The FBI and the Hughes County Sheriff’s Department arrested former Wetumka Mayor James Jackson this morning at his Main Street residence. Jackson is being charged with two counts of aggravated criminal sexual abuse of a minor in the state of Illinois.
Jackson, whose controversial tenure as Wetumka mayor ended with a Jan. 31 resignation, also faced allegations of financial impropriety during the time he and his wife, Rebecca, served on the Wetumka City Council. The Jacksons and a young woman whom they sometimes referred to as their “daughter” moved to Wetumka from Fulton, Illinois, in 2017.
After James Jackson’s arrest, Sgt. Nick Neblung of the Fulton Police Department distributed a press release, which asked any victims of or witnesses to possible sexual assault or abuse to contact law enforcement:
On March 26, 2020, James H. Jackson, 59, former resident of Fulton, Illinois, currently residing in Wetumka, Oklahoma, was arrested by local law enforcement authorities. Jackson’s arrest was based on an active warrant issued by the state of Illinois. Jackson was charged with two counts of aggravated criminal sexual abuse of a minor.
James Jackson was transported to Hughes County Sheriff’s Department, where he was processed into custody on the arrest warrants. The Fulton Police Department is conducting an active investigation where additional charges are pending.
It is reminded that any victim or witnesses of possible sexual assault or abuse are urged to contact their local law enforcement agency to make reports.
The Fulton Police Department is currently being assisted locally by the Whiteside County Sherriff’s Department and the Whiteside County States Attorney’s Office.
James Jackson background: From Fulton to Wetumka
When James Jackson and Rebecca Jackson moved to Wetumka in 2017, Rebecca Jackson took a job as a pharmacist in Holdenville, the Hughes County seat about 20 minutes south of Wetumka. The couple purchased the former newspaper building in Wetumka and operated a digital archiving business there with a woman they referred to as their daughter, Autumn Jackson.
But Autumn Jackson previously went by the name Paula Israel in Fulton, where she briefly filed to run for mayor at age 17 near the end of 2016. She withdrew her candidacy and joined the Jacksons in Hughes County. James Jackson has referred to Autumn Jackson as an emancipated adult who had been adopted as a minor, but the pair’s interactions bothered some people in Wetumka.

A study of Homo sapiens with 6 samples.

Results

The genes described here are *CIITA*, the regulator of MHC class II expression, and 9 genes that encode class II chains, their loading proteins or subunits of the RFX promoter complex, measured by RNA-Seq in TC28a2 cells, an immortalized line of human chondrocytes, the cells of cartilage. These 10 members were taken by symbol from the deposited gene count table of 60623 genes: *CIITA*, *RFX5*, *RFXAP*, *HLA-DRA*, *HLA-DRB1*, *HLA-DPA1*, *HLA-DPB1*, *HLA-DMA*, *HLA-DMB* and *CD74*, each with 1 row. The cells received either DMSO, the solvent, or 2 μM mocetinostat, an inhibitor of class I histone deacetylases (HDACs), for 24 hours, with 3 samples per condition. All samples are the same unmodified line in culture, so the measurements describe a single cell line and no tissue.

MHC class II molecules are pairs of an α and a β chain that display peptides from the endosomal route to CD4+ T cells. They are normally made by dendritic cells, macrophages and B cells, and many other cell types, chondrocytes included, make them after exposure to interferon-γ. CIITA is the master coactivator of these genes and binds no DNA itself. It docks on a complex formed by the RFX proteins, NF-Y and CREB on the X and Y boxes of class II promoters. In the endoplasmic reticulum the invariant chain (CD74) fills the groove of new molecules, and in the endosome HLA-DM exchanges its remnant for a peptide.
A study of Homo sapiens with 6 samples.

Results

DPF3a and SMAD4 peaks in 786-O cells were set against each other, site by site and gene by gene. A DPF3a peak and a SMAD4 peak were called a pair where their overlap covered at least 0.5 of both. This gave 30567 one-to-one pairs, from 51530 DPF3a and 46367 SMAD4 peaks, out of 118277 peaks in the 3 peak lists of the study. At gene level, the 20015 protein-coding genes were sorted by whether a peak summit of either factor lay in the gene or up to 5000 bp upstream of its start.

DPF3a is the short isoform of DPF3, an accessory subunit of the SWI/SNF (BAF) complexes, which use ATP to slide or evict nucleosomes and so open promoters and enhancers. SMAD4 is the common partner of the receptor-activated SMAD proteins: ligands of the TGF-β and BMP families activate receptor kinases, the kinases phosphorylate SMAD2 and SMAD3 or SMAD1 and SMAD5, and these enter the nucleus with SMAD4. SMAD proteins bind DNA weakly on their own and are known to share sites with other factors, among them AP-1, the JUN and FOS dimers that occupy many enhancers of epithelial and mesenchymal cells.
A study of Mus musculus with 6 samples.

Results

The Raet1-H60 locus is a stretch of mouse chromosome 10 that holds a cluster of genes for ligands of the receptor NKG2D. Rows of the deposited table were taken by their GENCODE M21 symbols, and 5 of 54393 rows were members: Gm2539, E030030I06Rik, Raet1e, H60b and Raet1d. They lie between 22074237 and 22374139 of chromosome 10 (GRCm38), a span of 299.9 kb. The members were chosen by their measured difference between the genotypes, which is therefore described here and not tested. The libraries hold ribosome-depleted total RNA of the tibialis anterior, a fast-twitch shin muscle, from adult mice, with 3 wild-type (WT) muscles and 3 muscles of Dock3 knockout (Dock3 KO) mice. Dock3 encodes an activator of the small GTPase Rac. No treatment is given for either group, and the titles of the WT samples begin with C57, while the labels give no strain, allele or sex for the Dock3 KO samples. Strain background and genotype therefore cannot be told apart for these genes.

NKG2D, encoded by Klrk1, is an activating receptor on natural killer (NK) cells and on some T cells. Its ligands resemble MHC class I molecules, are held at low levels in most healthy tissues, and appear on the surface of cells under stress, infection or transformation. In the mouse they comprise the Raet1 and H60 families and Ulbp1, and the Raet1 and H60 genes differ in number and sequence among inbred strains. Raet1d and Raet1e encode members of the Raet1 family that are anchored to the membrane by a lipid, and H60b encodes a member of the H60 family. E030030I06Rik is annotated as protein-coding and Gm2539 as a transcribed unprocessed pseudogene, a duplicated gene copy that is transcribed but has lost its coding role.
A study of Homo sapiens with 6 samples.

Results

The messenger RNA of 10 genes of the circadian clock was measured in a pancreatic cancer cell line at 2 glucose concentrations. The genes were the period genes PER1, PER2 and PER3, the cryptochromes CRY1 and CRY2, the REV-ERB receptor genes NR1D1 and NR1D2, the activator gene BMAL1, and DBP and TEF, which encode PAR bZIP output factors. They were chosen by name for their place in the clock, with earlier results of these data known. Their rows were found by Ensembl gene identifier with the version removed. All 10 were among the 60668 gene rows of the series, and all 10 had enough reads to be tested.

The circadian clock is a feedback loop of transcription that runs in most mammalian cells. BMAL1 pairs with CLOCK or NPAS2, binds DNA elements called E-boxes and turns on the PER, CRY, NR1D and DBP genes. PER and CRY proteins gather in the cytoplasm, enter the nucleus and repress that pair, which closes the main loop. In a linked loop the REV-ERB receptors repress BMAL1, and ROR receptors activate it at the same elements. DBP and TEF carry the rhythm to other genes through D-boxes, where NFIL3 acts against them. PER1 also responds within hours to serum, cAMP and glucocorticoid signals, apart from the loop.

“They were scared or freaked out by things he was doing with that young girl. It was just [public displays of affection], and a lot of folks didn’t approve of it,” former Wetumka police chief Joe Chitwood said in January.
Chitwood investigated the Jacksons for a series of allegations before being terminated and now serves as chief of police for the nearby community of Calvin.
In January, Jackson told NonDoc that all of the allegations made against him are absurd.
“You name it, they’ve said it. There’s hardly anything you could say minus murder, I guess — I don’t know that they’ve ever said that. But everything else they’ve said. Everything in the world, like I took pictures of little children,” James Jackson said. “I don’t even own a camera. I don’t own a smartphone. I’m talking to you on a flip phone.”
Both Jacksons eventually resigned their council positions Jan. 31 after a failed attempt to abolish the Wetumka Police Department and redirect its funding to address problems at the town’s sewage lagoons.
Donna Dyer, CEO of the East Central Oklahoma Family Health Center, learned of James Jackson’s arrest early Thursday.
“This has been a serious situation that we have had to work through,” said Dyer, who is a candidate for one of the council seats vacated by the Jacksons. “It has been a challenging time for the town, and we hope that we can move forward. We encourage all citizens to comply with whatever comes with the investigation.”
Dyer said the COVID-19 pandemic has delayed Wetumka’s special election to fill three of its five city council seats. Now, the election is planned for June 30, leaving the town without a fully functional council.
“We are still in turmoil with the town because we still can’t get very much stuff done. It’s basically day-to-day operations,” Dyer said.
A message left for Hughes County Sheriff Marcia Maxwell was not returned by the publication of this story.
(Update: This story was updated at 11:11 a.m. Thursday, March 26, to include video provided by a town resident.)